Has Winky D matured or gone commercial?

04 Sep, 2013 - 00:09 0 Views
Has Winky D matured or gone commercial? Winky D

The Herald

Winky D

Winky D

Problem Masau Arts Correspondent
WINKY D, whose real name is Wallace Chirimuko, shot to fame with his boisterous lyrics where he would describe his mischievous exploits in an appealing way to ghetto youths. During his formative years, Winky D’s songs were littered with self-praise, violence and sexual exploits.
Who can afford to forget these lyrics?
“Ndazovaona vane godo, Vabva kurova chidodo, Ndiri muninja ndati bodo, Chitoita easy naMwari ndinokusvapura.”
Songs such as “Location”, “Musarove Bigman,” “Controvesy”, “Nhinhi”, “Suit Yezvibhakera” and “Shaya” had serious connotations on violence.

This made him a household name within the ghetto streets in urban areas.
At last the ghetto youths had found someone whom they could relate to, they assumed.

Winky D’s music, though bubblegum, was very popular with the youths that many of his songs became sing-along tunes.
“The Bigman” as Winky D called himself went on to show his lyrical prowess by composing songs every month but the youths could not have enough of him.

They wanted him to release songs every day.
Winky D’s beef with several dancehall chanters in the mould of Badman partly contributed to his lyrical prowess, an opportunity he would use to pen hard-hitting lyrics, especially during dancehall clashes that had become popular with ghetto youths.

That was Winky D of yesteryear, a man who rose to fame because of his talent and the support he got from the ghetto youths.
It is now more than five years since Winky D made his grand entrance on the dancehall scene but

the Kambuzuma-born chanter has completely transformed.
Though he remains very popular with the youths, he has somehow toned down his lyrics and has evolved from being a violence instigator to a chief advisor to the ghetto youths.

His decision to pen conciliatory and didactic lyrics has earned him the ire of his legions of fans, who still want him to write controversial songs like he used to do. His latest offerings “Mumba Mababa” and “Mafirakureva” show that the man has matured with age.
In the song “Mumba Mababa”, Winky D advises church-goers to worship God without ulterior motives.

But probably, the greatest song that Winky D has done to this date is “Mafirakureva”.
In the song, the dancehall chanter treads on an unfamiliar territory, castigating youths for abusing substances such as bronco, mbanje and illicit brews.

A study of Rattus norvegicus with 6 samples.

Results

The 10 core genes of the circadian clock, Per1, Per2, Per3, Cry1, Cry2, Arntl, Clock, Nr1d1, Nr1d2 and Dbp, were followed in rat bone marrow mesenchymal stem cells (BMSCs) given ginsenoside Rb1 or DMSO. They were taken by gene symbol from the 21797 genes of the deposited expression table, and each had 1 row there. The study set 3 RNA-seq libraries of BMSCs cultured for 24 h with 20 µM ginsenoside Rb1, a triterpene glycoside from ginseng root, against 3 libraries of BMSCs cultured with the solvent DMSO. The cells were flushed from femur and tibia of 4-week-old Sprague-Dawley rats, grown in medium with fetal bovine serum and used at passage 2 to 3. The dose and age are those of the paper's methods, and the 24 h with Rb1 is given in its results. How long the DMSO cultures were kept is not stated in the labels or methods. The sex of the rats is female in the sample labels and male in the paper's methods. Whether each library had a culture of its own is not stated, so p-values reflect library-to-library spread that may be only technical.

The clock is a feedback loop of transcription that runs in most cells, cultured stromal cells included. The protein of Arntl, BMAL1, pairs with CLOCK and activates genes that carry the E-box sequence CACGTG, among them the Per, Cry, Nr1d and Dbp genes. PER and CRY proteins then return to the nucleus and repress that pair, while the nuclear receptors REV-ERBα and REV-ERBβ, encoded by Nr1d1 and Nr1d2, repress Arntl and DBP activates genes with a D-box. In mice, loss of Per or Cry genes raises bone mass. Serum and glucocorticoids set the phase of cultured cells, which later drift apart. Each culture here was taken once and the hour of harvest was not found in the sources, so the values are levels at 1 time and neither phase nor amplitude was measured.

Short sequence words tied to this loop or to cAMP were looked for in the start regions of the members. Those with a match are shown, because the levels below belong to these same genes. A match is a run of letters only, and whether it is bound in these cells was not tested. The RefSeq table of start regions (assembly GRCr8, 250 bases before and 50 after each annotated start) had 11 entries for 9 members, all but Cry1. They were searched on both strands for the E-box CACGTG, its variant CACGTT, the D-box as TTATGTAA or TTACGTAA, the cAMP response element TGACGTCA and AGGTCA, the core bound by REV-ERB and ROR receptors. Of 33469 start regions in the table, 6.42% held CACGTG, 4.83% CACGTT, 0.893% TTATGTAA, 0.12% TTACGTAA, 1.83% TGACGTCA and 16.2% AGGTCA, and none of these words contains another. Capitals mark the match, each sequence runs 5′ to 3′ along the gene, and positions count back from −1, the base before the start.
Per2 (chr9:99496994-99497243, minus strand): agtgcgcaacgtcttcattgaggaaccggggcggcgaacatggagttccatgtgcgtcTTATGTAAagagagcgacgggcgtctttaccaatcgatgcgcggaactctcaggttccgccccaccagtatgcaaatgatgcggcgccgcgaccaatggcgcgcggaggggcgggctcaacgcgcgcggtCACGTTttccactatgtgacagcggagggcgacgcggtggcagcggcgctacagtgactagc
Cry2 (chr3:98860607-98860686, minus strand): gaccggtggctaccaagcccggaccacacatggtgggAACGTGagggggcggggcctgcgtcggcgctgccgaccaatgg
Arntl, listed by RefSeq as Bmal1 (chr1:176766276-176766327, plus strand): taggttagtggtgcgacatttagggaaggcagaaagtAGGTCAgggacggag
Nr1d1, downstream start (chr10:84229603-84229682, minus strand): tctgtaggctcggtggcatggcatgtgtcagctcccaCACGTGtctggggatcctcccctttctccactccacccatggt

During his last three shows in Chinhoyi, Gweru and Mutare, Winky D continued with his gospel of drug abstinence.
“Don’t abuse it. I will continue to say it whether you like it or not. It’s not Rastafarism to smoke ganja. Stay clean,” Winky D said at a show in Chinhoyi recently.

While some youths have embraced the message on the song, some have decided to take a dig at the dancehall chanter.
“This track has had our interactive lines busy. It is good and has a positive anti-drug abuse message, but there have been replies to Winky D’s song.

“The one entitled ‘Mafirakureva’ by Tawanda ‘Seh Colours’ Mumanyi is one of the four examples that condones using ‘herbs’,” said Templeman

The Star FM DJ, however, pointed out that there were no personal issues between the two artistes, but the song had been received with mixed feelings.

“Seh-Colours” responded to “Mafirakureva” in order to express disappointment on behalf of the youths that made Winky D who he is. His first album was ‘Ghetto Defender’.

“Now that he is into advertising, he has made his money he starts to disrespect the ghetto youths that made him.
“We are not even sure if that is a song meant to advise us or it is his way of getting another endorsement deal. The only time he performs in the ghetto is when big companies are involved.

“On the song ‘Mafirakureva’, we have no idea if the message springs from love or he is just out to get another ambassadorial deal with the NGOs funding anti-drug abuse campaigns,” he said

“Winky D sang about weed in his earlier songs such as “Ndiri Rasta”, “Godo”, “Mzii” and other songs talking about weed, now he switches and says its wrong. What has made him change his mind,” queried one of his fans, Erasmus Tambo from Mabvuku.

So what brought about Winky D’s Damascus moment? Is it that he has matured musically or it is because he has gone commercial?